A national advocacy group is promoting legislation in Kentucky that would prevent underage girls from marrying men who are sometimes decades older, the Courier Journal reported.
Kentucky has the third-highest "child marriage" rate in the nation, according to the Tahirih Justice Center, an Arlington, Virginia, women's advocacy organization that wants to end child marriages. Jeanne L. Smoot, a lawyer with the center, said that traditionally, Texas comes in first and Florida is second. But Texas has updated its laws to limit marriage for adults and Florida is considering a similar law, Smoot said.
On Feb. 15, the Kentucky Senate Judiciary Committee heard testimony on Senate Bill 48, which is intended to reduce child marriages in the state.
Teens in Kentucky can currently marry at age 16 or 17 with a parent’s permission. At age 16, a pregnant teen can marry with permission from a judge, according to the report.
Is this a bad stereotype?
"I'm frankly embarrassed that Kentucky doesn't have such a law," Sen. Alice Forgy Kerr, a Lexington Republican, told the Courier Journal.
The current law "plays into every negative stereotype about Kentucky,” she added.
Child marriages are often not between two teens, but involve teenage girls who were pressured into marriage by an older man who has coerced them into having sex. The marriage is used to cover up the fact that the man had sex with a minor.
A study by the University of Louisville's Kent School of Social Work found between 2000 and 2015, age variances were as wide as a “13-year-old girl marrying a 33-year-old man and a 15-year-old girl marrying a 52-year-old man.”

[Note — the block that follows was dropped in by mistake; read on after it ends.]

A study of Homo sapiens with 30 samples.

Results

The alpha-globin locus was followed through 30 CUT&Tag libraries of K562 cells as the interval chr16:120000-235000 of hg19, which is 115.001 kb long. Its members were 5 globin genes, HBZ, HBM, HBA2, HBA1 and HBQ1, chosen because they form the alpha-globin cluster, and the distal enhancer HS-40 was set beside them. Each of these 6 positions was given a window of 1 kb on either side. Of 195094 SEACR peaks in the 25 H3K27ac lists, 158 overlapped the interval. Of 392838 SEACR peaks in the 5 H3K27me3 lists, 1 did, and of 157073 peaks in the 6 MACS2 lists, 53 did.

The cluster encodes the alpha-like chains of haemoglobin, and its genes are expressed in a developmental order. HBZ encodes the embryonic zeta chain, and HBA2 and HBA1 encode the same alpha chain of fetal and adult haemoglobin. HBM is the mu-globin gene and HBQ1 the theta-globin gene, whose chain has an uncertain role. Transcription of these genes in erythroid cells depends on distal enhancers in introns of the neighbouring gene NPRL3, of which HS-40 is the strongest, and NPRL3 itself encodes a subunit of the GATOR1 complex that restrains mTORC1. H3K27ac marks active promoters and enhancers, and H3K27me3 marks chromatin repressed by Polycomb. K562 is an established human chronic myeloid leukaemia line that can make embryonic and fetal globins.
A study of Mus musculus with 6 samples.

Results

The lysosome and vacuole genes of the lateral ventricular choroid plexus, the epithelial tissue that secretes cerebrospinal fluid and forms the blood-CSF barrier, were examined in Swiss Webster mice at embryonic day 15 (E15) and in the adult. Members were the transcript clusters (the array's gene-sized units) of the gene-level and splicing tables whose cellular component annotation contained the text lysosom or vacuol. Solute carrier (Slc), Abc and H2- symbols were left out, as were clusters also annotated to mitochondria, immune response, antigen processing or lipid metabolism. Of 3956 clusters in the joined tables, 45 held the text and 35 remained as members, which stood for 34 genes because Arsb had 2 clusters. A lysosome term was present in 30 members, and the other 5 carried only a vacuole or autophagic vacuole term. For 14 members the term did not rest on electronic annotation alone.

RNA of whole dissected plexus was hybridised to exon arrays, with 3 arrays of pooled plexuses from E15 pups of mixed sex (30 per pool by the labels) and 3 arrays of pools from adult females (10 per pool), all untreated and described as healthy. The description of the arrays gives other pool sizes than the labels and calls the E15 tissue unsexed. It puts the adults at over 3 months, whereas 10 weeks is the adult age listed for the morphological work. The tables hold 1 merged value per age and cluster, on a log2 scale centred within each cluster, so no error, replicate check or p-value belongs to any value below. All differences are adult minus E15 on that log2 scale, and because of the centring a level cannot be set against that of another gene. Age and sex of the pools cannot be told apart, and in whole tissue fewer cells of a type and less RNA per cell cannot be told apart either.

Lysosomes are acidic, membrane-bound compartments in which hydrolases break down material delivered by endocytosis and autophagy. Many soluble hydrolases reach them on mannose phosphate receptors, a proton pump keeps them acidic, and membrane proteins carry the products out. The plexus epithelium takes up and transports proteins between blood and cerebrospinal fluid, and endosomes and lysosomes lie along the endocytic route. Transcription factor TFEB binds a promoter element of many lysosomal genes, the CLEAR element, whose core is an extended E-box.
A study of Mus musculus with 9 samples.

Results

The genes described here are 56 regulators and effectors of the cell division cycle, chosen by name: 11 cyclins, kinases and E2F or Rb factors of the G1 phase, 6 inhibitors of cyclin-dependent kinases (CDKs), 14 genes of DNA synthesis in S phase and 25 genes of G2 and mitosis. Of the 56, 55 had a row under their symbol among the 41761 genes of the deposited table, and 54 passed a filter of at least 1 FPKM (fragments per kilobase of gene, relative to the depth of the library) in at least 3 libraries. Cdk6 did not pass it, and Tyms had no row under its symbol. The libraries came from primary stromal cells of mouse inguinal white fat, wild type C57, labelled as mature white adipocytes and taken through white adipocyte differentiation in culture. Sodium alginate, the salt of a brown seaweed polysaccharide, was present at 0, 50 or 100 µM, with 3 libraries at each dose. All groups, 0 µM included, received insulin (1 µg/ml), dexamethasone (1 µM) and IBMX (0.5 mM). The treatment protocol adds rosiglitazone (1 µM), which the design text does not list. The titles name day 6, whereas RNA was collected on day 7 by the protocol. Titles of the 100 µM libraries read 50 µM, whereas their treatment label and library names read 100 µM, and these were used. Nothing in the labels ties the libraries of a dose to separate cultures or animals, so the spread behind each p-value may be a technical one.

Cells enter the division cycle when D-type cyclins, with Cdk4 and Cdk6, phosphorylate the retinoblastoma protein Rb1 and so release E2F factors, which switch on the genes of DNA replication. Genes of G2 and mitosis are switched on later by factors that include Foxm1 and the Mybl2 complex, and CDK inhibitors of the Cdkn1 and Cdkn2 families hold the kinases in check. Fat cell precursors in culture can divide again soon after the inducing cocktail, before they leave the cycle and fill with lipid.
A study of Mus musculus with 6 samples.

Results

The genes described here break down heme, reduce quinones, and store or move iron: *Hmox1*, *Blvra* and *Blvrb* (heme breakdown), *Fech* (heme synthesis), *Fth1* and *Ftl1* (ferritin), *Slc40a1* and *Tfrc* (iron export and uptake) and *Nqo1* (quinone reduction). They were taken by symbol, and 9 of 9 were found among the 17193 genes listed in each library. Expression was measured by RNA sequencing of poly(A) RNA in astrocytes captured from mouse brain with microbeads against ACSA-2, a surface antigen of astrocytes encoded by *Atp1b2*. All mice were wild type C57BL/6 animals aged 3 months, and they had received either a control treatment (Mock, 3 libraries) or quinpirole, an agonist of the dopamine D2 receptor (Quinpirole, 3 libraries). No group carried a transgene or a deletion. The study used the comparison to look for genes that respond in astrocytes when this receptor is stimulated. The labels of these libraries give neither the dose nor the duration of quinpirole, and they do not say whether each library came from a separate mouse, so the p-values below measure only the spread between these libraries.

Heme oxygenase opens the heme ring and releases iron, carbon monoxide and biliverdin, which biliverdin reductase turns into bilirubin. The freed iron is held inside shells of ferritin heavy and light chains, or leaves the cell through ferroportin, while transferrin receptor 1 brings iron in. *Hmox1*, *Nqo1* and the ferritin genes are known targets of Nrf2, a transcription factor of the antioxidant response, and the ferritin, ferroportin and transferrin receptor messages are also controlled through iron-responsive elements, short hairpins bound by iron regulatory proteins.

"Pregnancy can be a red flag that a girl has been raped," according to Smoot. "Teens marrying teens is not the case."
Sen. Julie Raque Adams, a Louisville Republican, sponsored Senate Bill 48, which would raise the legal age for most marriages in Kentucky to 18, the Courier Journal reported.
Are there exceptions?
There are certain cases in which marriages could be approved if the woman is under 18. For example, a district judge could approve it if the female is at least 17-years-old and not more than four years younger than the groom.
If a minor wants to marry an adult, the judge would have to check for child abuse records for the teen and sex-offender records for the adult. Domestic violence records would be researched for both parties. Additionally, the teen's maturity level would be considered, as well as whether she holds a high school diploma or GED.
The proposed legislation would bar a teen from marrying an adult if the adult has "a position of authority" over the minor, or if it is suspected the adult had sex with a girl that was too young to consent, according to the report.